2011: The year that was, as covered by the Amsterdam News

Compiled Cyril Josh Barker | 4/12/2012, 2:07 p.m.
January Newly elected New York Gov. Andrew Cuomo begins his term.New York City Schools Chancellor...
2011: The year that was, as covered by the Amsterdam News


  • Newly elected New York Gov. Andrew Cuomo begins his term.
  • New York City Schools Chancellor Cathie Black begins her tenure; Black takes the job with much controversy, coming from a business background with no educational experience.
  • Sisters Gladys and Jamie Scott are released from prison after being ordered to serve two consecutive life sentences for stealing $11 in 1993 in Mississippi. Jamie is in need of a kidney transplant.
  • The effects of a blizzard in late December that left over two feet of snow and the city's slow response are felt for weeks; elected officials try to figure out what went wrong as the city continues to clean up.
  • A raise in fares from the MTA goes into effect; single subway and bus rides go up to $2.50.
  • The world marks the first anniversary of the earthquake in Haiti that killed over 316,000 people. Two years later, people in the Caribbean nation are still in need and many remain homeless.
  • After serving five months of a two-to-four-year sentence, John White comes home. White was convicted of manslaughter while defending his family from a group of white teens.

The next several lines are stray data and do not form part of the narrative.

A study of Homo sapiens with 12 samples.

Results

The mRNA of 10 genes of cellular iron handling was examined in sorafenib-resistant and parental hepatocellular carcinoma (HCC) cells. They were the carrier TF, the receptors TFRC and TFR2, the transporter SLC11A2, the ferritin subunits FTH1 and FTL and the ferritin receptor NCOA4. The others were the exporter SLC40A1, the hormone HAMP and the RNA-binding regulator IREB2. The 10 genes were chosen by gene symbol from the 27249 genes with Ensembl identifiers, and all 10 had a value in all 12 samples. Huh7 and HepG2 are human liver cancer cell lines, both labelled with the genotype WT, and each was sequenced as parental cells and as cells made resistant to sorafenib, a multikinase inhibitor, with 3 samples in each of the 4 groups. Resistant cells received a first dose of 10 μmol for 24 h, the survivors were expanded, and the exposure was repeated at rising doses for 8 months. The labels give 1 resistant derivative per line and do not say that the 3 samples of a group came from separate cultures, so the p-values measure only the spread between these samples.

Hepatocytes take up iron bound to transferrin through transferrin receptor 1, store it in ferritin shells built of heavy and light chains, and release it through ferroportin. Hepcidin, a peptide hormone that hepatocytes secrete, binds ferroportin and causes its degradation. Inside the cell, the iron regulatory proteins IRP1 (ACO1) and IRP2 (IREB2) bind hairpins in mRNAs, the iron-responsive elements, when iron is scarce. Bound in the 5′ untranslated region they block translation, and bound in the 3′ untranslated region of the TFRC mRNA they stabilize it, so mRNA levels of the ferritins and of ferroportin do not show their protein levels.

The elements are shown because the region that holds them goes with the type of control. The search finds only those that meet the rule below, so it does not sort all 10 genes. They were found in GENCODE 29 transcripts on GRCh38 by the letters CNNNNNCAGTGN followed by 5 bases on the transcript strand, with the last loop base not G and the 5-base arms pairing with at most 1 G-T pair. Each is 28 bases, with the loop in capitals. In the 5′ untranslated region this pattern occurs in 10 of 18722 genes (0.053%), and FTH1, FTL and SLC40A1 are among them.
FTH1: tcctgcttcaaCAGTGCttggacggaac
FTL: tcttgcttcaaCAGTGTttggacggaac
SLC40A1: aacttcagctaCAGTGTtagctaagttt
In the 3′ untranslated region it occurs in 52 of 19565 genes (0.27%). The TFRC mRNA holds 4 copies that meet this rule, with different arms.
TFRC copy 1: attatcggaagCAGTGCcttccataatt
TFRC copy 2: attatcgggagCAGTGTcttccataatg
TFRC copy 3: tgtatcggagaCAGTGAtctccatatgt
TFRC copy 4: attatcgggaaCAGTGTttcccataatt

• The Rev. Jesse Jackson holds his 14th annual Wall Street Project Economic Summit in New York, focusing on economic disparities facing American families.
  • The Tony Award-winning musical "Fela!" based on the life of Nigerian singer Fela Kuti ends its Broadway run.
  • Trouble looms at Medgar Evers College in Brooklyn; faculty and students are concerned over services cut under the CUNY school's new president, William L. Pollard.
  • The nation celebrates Martin Luther King Jr. Day as money continues to be raised for the civil rights leader's national memorial in Washington, D.C.
  • Black workers at Woodlawn Cemetery in the Bronx file discrimination charges after being laid off. Rep. Gabrielle Giffords is seriously injured when a gunman opens fire at a constituent meeting in Tucson, Ariz.
  • A charter school slated to be built in St. Nicholas Houses in Harlem causes controversy; Harlem Children's Zone plans to build the school, but residents say they were not involved in the decision.
  • Five hundred newly elected officers of NAACP units across New York State are sworn in.
  • Black fraternity Kappa Alpha Psi celebrates its 100th anniversary.
  • Harlem business owner and recording pioneer Bobby Robinson dies at 93. Robinson is best known as longtime owner of the Harlem record store Bobby's Happy House.
  • Lead singer of the Marvelettes, Gladys Horton, dies at 65.
  • Activist Erica Ford and her organization I Love My LIFE/LIFE Camp leads "Peace Week" to combat violence in the community. Journalist David Hardy passes at 68.
  • President Barack Obama gives his State of the Union address focusing on employment.
  • Carlina White, 23, is reunited with her biological family after searching the Internet. She was kidnapped in 1987 when she was 2 weeks old at Harlem Hospital by a woman who passed her off as he own child.
  • Kelly Williams-Bolar, a Black woman, is sent to jail in Ohio for sending her child to school in a district better than the one she lives in.
  • The Schomburg Center for Research and Black Culture celebrates its 85th anniversary.